Today, the Flemish minister responsible and government partners officially launched the development works for the construction of a quay wall at the former Ford site. The announcement of the name ‘Logistics Valley Flanders’ immediately established a bridge to the future.
Today marked the official launch of the development works for the construction of a new quay wall at the former Ford site in Genk. “Although the name Ford will undoubtedly remain associated with this site for a long time to come, the time has come to give this unique site an appropriate inspirational name. Rich past makes way for a future full of promise. Logistics Valley Flanders is a name with international appeal that makes it clear what the site is about”, say ministers Hilde Crevits and Lydia Peeters.
Although the closure of the Ford site may have struck a particularly heavy blow at the time, the Flemish government and the city of Genk did not throw in the towel. A Master Plan has been drawn up to transform the former Ford site into a new trimodal industrial zone with the aim of creating 2,500 new jobs.
Vlaamse Waterweg nv was appointed as the developer for the (waterside) C-zone and as the client for the demolition works, remediation works and the construction of the shared utility infrastructure at the site. Those works have since almost been completed. The recent granting of the environmental permit means that the infrastructure works for the redevelopment and construction of a quay wall can now start too.
In the public domain (zone A), there will be access roads for motor vehicles and for cyclists, drainage, utility channels, parking spaces for employees, a private link road to the port between the transshipment centre along the canal and the area behind, infiltration basins for collecting rainwater from the industrial plots, green zones, planted areas and public lighting. Quay infrastructure will also be realised at the same time, along with a regional waterside transshipment centre.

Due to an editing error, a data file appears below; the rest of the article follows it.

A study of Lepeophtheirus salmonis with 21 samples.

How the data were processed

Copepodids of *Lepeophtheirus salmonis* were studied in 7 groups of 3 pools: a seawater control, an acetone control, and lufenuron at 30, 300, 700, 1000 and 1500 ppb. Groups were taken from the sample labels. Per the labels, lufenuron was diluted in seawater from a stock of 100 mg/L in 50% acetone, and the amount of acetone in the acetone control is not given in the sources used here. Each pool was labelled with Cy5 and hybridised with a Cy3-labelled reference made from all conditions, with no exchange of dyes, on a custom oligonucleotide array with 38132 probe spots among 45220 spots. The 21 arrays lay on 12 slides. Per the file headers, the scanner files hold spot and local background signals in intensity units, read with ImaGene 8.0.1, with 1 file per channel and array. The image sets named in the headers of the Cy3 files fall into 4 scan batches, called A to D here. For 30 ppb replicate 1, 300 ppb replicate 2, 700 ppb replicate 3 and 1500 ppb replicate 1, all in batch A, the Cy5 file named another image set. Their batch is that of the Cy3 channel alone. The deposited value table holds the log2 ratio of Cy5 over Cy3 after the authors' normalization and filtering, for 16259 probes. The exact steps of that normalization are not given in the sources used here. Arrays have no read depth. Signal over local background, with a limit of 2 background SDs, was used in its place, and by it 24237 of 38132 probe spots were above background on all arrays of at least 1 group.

“The companies that have been established here symbolise the confidence of businesses in the strong assets of our inland waterways. De Vlaamse Waterweg is also investing in a future-proof waterway network, both in terms of infrastructure and digitally,” says Frieda Brepoels, chairwoman of De Vlaamse Waterweg nv. Managing Director Chris Danckaerts: “Together with all the public and private partners, we will realise an industrial zone that is state-of-the-art in terms of sustainability and mobility. A trimodal area with shared facilities, a strong focus on the infrastructure for cyclists and green spaces.”
New quay wall for container transshipment
The new quay will be 425 m long and will include a container transshipment facility with gantry crane and container storage area (61 m inland). The area behind will also be made ready for construction (drainage, sub-foundations and foundations) at the same time. The quay wall will enable the transshipment of containers and the transshipment capacity required for the industrial zone has been taken into account. De Vlaamse Waterweg has concluded a PPP agreement with the concessionaire – the Port of Limburg – for the construction of the quay along with a transshipment and stacking zone. The works for the construction of the quay wall will start this summer.
“The Flemish government is strongly committed to sustainable mobility and the potential of our waterways is an asset that we want to make the most of. For the importance of inland waterways in the fight against climate change will only continue to increase and their contribution is one that cannot be ignored. Waterways are perfectly suited for mobility and environmentally-friendly freight transport”, says Lydia Peeters, Flemish minister of Mobility and Public Works. “Constructing this quay wall will provide tri-modal access to the site and that will help businesses realise their plans to transport goods via the inland waterways.”
“We are investing in the construction of quay walls like this one here in Genk because we strongly believe in the importance and the potential of our waterways”, adds Frieda Brepoels, chairwoman of De Vlaamse Waterweg nv. “Constructing this quay wall will enable us to make the site accessible via the water too and take a lot of trucks off the roads in Limburg.”
The infrastructure works for the redevelopment and the quay wall are scheduled to be completed by the end of 2023.